Posted: Monday, August 2, 2010
By: Robert Tacopina

Mike Carey
Clay Mann, Jay Leisten (i), Brian Reber (c), VC’s Cory Petit (l)
Marvel Comics
“Collision” (part 1)

It is nice to see writer Mike Carey be allowed to let his creative prowess run wild and not be hindered by the inclusion of a mandated crossover interfering with his plans on the book. As much as I enjoyed “Second Coming” you have to admit that it was a distraction in some aspect. Although I suppose it could actually be viewed as a blessing in disguise as this new arc entitled “Collision” looks to return a reinvigorated Carey to the former glories he found on stories like “Supernovas” and “Blinded by the Light.”

What this book does is introduce a new equation into the mix with the addition of an offspring universe that is somehow tethered to the Marvel Universe proper. A debuting of new characters such as Luz, who appears to be a mutant with light manipulating powers, is a welcome one. If anything Carey has proven that he knows how to add to the X-Men lore with such offerings as the Children of the Vault, who became quick favorites. It looks like he may have struck gold again with this current crop of creations.

A point of intrigue is the aforementioned universe where Luz and the others dwell. It is seemingly similar is some ways to the current X-Men universe with the exception that this new realm looks to be one where mutants are not allowed freedom and creativity. Though somewhat vague at this juncture in time, these “mutants” may actually be soldiers in training, but that all remains to be seen. As the young Luz attempts to escape her captors, some of the X-Men are allowed a trip to India so Indra can take care of some family matters. Poor handless Julian (Hellion) brings humor to the story when Rogue visits him and invited him to join them on the trip ultimately getting rejected. I do wonder how Hellion’s condition will play out and ponder why Elixir simply can’t heal him up, but that will surely be addressed somewhere in the near future one would expect.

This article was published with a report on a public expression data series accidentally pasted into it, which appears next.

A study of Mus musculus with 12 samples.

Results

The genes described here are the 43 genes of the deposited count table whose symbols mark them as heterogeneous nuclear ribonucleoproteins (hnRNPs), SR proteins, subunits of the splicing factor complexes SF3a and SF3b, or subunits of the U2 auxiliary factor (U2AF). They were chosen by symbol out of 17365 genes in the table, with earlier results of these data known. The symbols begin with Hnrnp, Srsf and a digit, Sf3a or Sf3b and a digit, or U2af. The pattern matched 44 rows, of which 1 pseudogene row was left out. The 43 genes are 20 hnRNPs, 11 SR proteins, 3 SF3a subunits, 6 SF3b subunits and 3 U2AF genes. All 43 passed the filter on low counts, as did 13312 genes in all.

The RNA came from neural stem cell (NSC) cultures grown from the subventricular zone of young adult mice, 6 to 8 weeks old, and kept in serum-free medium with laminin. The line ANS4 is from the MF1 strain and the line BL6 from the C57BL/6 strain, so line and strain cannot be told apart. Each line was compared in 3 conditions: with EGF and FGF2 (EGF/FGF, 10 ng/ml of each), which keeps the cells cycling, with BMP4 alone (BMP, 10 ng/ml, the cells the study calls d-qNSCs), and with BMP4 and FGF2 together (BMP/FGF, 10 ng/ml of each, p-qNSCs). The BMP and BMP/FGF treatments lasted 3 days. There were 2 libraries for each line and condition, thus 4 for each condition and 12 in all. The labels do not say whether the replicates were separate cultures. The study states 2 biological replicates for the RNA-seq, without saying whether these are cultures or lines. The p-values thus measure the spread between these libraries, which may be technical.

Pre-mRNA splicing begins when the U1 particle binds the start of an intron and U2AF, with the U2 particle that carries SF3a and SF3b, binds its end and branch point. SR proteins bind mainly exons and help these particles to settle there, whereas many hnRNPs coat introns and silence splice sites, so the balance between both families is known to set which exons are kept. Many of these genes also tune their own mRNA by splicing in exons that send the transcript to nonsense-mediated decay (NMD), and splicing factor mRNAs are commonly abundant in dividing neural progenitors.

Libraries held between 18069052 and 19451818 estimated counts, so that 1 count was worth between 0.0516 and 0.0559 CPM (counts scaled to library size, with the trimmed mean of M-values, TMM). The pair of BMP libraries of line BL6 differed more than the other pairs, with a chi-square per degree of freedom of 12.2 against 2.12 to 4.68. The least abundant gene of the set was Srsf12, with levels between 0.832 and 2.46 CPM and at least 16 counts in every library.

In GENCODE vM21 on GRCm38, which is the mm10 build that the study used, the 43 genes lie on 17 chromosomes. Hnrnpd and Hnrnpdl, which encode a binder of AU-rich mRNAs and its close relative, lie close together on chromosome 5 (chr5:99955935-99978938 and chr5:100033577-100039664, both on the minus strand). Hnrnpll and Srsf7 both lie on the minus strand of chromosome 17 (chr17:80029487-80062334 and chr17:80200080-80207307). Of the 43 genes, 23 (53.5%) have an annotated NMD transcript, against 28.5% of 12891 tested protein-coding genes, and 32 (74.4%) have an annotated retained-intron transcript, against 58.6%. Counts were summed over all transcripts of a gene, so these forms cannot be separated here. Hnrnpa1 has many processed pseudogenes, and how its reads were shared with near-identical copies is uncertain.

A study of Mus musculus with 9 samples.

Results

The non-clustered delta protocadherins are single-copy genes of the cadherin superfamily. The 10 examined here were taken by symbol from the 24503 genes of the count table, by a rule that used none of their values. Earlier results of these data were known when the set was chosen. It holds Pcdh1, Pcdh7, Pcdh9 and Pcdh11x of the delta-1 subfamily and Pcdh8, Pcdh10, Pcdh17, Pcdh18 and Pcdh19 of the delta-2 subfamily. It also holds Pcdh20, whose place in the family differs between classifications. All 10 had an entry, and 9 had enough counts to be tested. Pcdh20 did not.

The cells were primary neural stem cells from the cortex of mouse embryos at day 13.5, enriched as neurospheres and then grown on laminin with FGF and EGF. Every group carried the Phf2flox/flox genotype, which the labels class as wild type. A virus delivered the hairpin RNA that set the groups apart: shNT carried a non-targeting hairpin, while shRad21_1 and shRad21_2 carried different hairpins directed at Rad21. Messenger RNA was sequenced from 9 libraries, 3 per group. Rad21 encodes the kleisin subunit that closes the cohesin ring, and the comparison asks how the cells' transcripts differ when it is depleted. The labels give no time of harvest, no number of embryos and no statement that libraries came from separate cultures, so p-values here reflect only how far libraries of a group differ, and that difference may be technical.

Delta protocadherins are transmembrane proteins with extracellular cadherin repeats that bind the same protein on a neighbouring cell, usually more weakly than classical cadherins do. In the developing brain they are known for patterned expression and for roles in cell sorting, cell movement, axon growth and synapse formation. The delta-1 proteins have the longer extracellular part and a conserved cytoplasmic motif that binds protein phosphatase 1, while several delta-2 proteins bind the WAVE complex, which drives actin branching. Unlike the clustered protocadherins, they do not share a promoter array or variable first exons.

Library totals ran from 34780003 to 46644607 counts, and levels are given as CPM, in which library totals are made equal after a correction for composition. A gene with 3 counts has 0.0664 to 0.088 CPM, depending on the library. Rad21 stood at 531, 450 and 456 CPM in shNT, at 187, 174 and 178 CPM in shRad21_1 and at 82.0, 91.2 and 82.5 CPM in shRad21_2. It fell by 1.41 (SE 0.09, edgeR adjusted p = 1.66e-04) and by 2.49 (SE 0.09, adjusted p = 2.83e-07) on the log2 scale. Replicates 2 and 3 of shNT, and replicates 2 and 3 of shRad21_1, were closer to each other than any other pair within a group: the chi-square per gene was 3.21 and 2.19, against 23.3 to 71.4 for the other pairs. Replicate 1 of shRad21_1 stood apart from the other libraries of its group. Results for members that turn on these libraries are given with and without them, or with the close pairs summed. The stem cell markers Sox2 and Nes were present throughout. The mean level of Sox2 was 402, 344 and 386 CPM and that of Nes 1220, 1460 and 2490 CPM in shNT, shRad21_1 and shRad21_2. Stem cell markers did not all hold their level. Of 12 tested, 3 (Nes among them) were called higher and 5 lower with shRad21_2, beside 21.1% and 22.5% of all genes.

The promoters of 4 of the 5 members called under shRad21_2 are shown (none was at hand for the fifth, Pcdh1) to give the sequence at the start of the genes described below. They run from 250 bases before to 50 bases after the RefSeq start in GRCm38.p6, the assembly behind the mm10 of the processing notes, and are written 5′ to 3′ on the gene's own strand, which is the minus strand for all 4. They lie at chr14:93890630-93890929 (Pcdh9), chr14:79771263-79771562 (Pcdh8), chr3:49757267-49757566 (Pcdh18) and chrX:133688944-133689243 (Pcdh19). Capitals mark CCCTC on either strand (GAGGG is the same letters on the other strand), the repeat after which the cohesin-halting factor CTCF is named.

This plot device allows Magneto to get some major face time which in this case is a plus. It was great to see Mags use his powers to sense anomalies in the electromagnetic fields of the Earth and, in doing so, become the main element that brings the X-Men and Luz together. We also learn that Indra’s brother is in a coma (most likely due to the dimension warping process that brings Luz to our Earth). Indra’s parents want Indra to leave the X-Men behind and stay home, even going so far as to inform him that his brother’s arranged-to-be wife is now his arranged-to-be wife! Talk about some dysfunctional family practices!

Honestly, this was the best Carey penned X-Men not related to a crossover in a while. While his books are always good, there is a definite difference when the man is on his game. He manages to mesh all these ideas and have them coalesce together perfectly, leaving you intrigued by the unfolding story. The art work is pretty darn good, though there are some panels where characters look disproportionate. The always commendable Brian Reber colors his tail off and is one of the unsung and overlooked artists in the biz.

A great X-Men issue that fires on all cylinders!